Cream of the hop

PUBLISHED : Sunday, 16 November, 2003, 12:00am
UPDATED : Sunday, 16 November, 2003, 12:00am
 

If I had a dollar for every time I have been asked, 'What's your favourite beer?', I would have probably saved enough for front-row tickets to a Rolling Stones concert. My answer is always, it depends - on how I'm feeling, who I'm with, what I'm eating, the time of day, whether it's a junk trip on a sunny day or an animated conversation in a bar on a rainy evening.


However here's my current Top 10 list, before it changes again with my next pint. They're all available at Beer Bay (for deliveries, tel: 2541 3222; branches in Discovery Bay, Clearwater Bay, Yuen Long and at the Lamma Ferry Pier), except for the Guinness draft, which is sold at Irish pubs, and Paulaner Salvator, which I enjoy so much I don't mind travelling to Shanghai or Singapore to drink.


Pilsen Urquell This is the true embodiment of the Czech lager style - fragrant, dry, crisp. I love the tongue-tickling spiciness, and enjoy it with cheddar cheese and fish.


Guinness draft There's a delicious whiff of abandon in drinking this black stout. Just watching the thick creamy head form ever so slowly over the devilishly dark liquid gets the taste buds roaring in anticipation. The first few sips deliver the incomparable dry taste and the charred malt flavour and by the end, your mind is drawing shamrocks in joy.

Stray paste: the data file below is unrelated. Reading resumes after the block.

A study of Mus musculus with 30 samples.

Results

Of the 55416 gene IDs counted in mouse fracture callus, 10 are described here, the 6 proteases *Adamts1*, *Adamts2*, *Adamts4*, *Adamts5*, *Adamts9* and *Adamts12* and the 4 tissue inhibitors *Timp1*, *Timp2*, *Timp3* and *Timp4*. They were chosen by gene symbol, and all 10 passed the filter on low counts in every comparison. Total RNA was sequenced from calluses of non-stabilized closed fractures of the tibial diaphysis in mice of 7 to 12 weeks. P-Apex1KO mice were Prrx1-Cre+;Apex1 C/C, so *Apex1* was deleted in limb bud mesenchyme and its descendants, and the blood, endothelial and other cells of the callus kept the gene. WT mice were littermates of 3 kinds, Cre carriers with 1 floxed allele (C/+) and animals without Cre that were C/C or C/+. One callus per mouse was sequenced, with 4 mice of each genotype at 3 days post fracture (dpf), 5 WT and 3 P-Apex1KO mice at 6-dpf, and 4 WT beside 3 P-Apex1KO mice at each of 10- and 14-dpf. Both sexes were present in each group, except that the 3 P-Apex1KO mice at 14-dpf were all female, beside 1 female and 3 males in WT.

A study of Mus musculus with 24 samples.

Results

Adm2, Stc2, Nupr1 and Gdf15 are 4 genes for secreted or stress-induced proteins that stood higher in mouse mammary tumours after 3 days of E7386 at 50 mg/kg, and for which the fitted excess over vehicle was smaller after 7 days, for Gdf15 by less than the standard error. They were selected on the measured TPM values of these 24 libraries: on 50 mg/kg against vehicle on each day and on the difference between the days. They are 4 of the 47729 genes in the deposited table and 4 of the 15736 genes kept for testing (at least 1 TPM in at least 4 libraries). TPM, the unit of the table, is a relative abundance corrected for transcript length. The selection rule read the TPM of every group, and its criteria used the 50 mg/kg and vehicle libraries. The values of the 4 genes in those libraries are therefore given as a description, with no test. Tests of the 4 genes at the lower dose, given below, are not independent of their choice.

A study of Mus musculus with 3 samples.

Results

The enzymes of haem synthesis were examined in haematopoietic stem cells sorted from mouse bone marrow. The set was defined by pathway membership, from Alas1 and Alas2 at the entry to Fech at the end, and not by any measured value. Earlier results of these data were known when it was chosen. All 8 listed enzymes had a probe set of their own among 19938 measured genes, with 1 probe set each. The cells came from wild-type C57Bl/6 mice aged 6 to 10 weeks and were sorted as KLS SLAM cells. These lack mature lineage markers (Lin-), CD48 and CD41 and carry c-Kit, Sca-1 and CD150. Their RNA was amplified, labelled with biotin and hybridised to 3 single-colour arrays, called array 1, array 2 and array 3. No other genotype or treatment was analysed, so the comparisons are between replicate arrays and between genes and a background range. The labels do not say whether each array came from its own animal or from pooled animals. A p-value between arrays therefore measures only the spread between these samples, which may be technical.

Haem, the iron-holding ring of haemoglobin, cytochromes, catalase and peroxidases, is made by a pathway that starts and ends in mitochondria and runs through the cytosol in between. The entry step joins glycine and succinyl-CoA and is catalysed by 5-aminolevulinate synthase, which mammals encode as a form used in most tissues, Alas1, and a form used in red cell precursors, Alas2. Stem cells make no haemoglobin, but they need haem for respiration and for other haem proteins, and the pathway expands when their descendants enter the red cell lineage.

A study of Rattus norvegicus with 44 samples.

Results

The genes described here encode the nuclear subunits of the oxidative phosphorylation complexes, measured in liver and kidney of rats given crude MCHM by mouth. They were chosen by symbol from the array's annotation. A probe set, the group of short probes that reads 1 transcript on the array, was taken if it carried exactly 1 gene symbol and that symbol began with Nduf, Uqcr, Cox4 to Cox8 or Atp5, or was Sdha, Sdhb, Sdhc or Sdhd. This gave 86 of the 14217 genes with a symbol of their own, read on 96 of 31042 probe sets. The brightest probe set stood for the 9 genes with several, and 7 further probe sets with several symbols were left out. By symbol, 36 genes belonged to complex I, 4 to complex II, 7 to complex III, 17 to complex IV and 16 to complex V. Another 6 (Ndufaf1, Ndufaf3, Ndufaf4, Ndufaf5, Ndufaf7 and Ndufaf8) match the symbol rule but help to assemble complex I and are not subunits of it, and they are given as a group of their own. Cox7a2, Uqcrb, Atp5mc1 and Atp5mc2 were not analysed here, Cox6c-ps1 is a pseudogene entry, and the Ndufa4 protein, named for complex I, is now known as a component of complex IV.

Hoegaarden This is the best summer refresher bar none. Cloudy in appearance, tart, slightly spicy, it is a real feel-good drink.


London Pride Having first tasted this magnificent cask-conditioned brew at the 17th-century Lamb and Flag pub in London's Covent Garden, I grab the bottled version whenever I find it on Hong Kong shelves. Then I rediscover that life is all about balance, in this case perfect poise between the sweetness of caramel malts and the dry bitterness of English hops.


Bridgeport IPA and Bridgeport Bottle-Conditioned Porter Bridgeport Brewery of Portland, Oregon produces these two wonderful brews. The IPA is fragrant, robust and hoppy - a wonderful accompaniment to spicy Indian dishes. The Porter is chocolatey and luscious.


Samichlaus My first taste of Samichlaus was a huge shock. It is a formidable Campari- meets-red wine sensation, with a slightly medicinal aroma. But I'm told this strong, dark red lager develops a more soothing flavour with age and the five-year-old version provides warmth and comfort on a chilly night.


De Verboden Vrucht How can I resist a beer called the Forbidden Fruit, especially when Adam tempts Eve with a bottle of beer on the label? This rich, warming brew is pure nectar, especially with Belgian chocolate.


Paulaner Salvator Served in tall stylish glasses in the Paulaner brauhauses in Shanghai and Singapore, this Munich speciality has an exuberant flavour. No great aftertaste, not much complexity, just a tasty drink that's marvellous with pork knuckles and Nurnberger sausages.


Chimay Blue No list is complete without the silky, port-winey, distinguished Trappist ale brewed by monks in a 200-year-old Belgian abbey. This is my personal choice for an after-dinner beer. Sip it, savour it, then go to sleep contented.